By Kay Searfoss, RD, CDE

LCO Community Health Center


During February, National Heart Month, we encourage you to have your blood pressure checked and learn how to manage or prevent high blood pressure. Uncontrolled high blood pressure, or hypertension, is dangerous and far too common. In fact, 1 of 3 adults in the United States has the condition. High blood pressure usually has no signs or symptoms, but it does have consequences. The only way to know if you’re at risk for high blood pressure is to know your numbers.


Having high blood pressure means the pressure of the blood in your blood vessels is higher than it should be. High blood pressure is called the “silent killer” because it often has no warning signs or symptoms, and many people do not know they have it. That’s why it is important to check your blood pressure regularly. The good news is that you can take steps to prevent high blood pressure or to control it if your blood pressure is already high.

You can help prevent high blood pressure by making healthy choices and managing any health conditions you may have. By living a healthy lifestyle, you can help keep your blood pressure in a healthy range and lower your risk for heart disease and stroke. A healthy lifestyle includes:


Eating a healthy diet


Choosing healthful meal and snack options can help you avoid high blood pressure and its complications. Be sure to eat plenty of fresh fruits and vegetables. Eating foods low in salt (sodium) and high in potassium can lower your blood pressure. The DASH (Dietary Approaches to Stop Hypertension) eating plan is one healthy diet that is proven to help people lower their blood pressure. For more information about the DASH diet, check this website: https://www.nhlbi.nih.gov/health-topics/dash-eating-plan or talk with Kay Searfoss, dietitian at the Lac Courte Oreilles Community Health Center, 715-638-5153.


Maintaining a healthy weight


Being overweight or obese increases your risk for high blood pressure. A weight loss of 5-10%, as little as 10 lbs. for a person weighing 200 lbs., can reduce your blood pressure if the weight loss is maintained.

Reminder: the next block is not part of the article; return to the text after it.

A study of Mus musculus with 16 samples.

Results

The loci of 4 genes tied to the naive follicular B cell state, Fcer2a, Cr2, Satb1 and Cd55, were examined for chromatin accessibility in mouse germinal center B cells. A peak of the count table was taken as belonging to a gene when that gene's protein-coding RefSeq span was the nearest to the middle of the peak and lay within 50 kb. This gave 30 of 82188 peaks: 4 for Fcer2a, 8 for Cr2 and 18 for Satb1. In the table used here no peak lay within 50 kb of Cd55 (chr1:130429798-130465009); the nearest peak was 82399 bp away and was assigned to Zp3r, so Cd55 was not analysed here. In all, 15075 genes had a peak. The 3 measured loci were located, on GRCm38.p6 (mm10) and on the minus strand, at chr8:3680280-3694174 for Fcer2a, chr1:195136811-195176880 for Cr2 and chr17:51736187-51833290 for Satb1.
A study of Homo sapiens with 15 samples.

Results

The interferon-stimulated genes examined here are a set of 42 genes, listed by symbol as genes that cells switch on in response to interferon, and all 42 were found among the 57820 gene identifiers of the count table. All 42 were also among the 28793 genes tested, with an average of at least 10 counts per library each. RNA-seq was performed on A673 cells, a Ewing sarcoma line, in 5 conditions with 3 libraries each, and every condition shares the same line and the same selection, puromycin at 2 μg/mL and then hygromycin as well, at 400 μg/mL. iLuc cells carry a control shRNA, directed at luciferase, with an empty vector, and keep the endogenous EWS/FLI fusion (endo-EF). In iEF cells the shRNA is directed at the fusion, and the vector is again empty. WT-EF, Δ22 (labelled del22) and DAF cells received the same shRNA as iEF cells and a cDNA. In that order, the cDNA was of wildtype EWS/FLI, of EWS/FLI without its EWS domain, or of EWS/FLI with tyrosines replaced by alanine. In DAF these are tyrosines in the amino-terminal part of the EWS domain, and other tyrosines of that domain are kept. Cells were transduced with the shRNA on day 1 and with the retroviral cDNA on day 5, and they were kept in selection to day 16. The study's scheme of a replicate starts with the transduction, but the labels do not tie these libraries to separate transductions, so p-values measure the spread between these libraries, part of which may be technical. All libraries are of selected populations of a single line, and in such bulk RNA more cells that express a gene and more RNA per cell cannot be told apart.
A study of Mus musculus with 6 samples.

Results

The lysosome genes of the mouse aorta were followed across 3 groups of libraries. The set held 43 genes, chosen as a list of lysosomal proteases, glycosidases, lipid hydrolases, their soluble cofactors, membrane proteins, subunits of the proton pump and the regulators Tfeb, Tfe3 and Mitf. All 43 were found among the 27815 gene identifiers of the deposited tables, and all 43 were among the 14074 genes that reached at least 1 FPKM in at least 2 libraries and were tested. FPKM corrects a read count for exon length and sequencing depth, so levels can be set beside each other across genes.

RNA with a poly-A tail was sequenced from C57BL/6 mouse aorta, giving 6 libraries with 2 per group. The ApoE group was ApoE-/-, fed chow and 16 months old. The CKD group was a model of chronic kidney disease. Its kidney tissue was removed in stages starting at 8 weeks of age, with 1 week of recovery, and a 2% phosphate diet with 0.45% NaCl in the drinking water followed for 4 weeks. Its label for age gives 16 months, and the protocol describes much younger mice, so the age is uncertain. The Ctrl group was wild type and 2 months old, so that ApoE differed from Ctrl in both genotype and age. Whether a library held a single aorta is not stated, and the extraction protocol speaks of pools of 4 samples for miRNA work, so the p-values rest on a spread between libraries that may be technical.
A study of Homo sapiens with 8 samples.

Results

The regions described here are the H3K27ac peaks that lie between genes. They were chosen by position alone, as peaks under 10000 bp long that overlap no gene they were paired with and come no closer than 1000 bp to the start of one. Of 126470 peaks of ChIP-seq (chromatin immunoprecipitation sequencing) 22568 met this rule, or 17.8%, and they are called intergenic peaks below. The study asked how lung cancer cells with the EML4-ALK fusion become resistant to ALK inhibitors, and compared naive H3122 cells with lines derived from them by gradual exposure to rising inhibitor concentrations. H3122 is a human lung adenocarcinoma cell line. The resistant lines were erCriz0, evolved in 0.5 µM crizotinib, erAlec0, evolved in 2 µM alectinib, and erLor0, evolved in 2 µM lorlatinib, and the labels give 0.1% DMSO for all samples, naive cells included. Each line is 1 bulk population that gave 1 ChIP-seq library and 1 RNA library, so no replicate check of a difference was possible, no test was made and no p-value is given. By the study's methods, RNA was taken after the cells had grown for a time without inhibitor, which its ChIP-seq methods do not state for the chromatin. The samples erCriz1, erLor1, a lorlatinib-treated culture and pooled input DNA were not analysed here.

Getting enough physical activity


Physical activity can help you maintain a healthy weight and lower your blood pressure. For adults, the Surgeon General recommends 2 hours and 30 minutes of moderate-intensity exercise, like brisk walking or bicycling, every week. Children and adolescents should get 1 hour of physical activity every day.


Not smoking


Cigarette smoking raises your blood pressure and puts you at higher risk for heart attack and stroke. If you do not smoke, do not start. If you do smoke, quitting will lower your risk for heart disease. Your health care provider can suggest ways to help you quit.


Limiting alcohol use


Avoid drinking too much alcohol, which can raise your blood pressure. Men should have no more than 2 drinks per day, and women only one.


If you have prehypertension or diabetes, you can take steps to lower your risk for high blood pressure. Measuring is an important step toward keeping a healthy blood pressure. Because high blood pressure and prehypertension often have no symptoms, checking your blood pressure is the only way to know for sure whether it is too high. Talk to your health care provider about how often you should have your blood pressure checked and whether you should have a home blood pressure monitor.


If you learn that you have prehypertension or high blood pressure, you should take steps to control your blood pressure to lower your risk for heart disease and stroke. Most people with diabetes—about 6 out of 10—also have high blood pressure.1 If your health care provider thinks you have symptoms of diabetes, he or she may recommend that you get tested.


If you have diabetes, monitor your blood sugar levels carefully. Talk with your health care team about treatment options. Your doctor may recommend certain lifestyle changes to help keep your blood sugar under good control—those actions will help reduce your risk for high blood pressure.


If you take medication to treat high blood pressure or diabetes, follow your doctor’s instructions carefully. Always ask questions if you do not understand something. Never stop taking your medication without talking to your doctor or pharmacist.


You and your health care team can work together to prevent or treat the medical conditions that lead to high blood pressure. Discuss your treatment plan regularly, and bring a list of questions to your appointments.


The Lac Courte Oreilles Community Health Center has a team of professionals to assist you with making lifestyle changes to manage your blood pressure. Ask your health care provider for a referral for nutrition counseling, weight management, quitting smoking or alcohol, or for help with starting a physical activity plan. Call 715-638-5100 to make an appointment.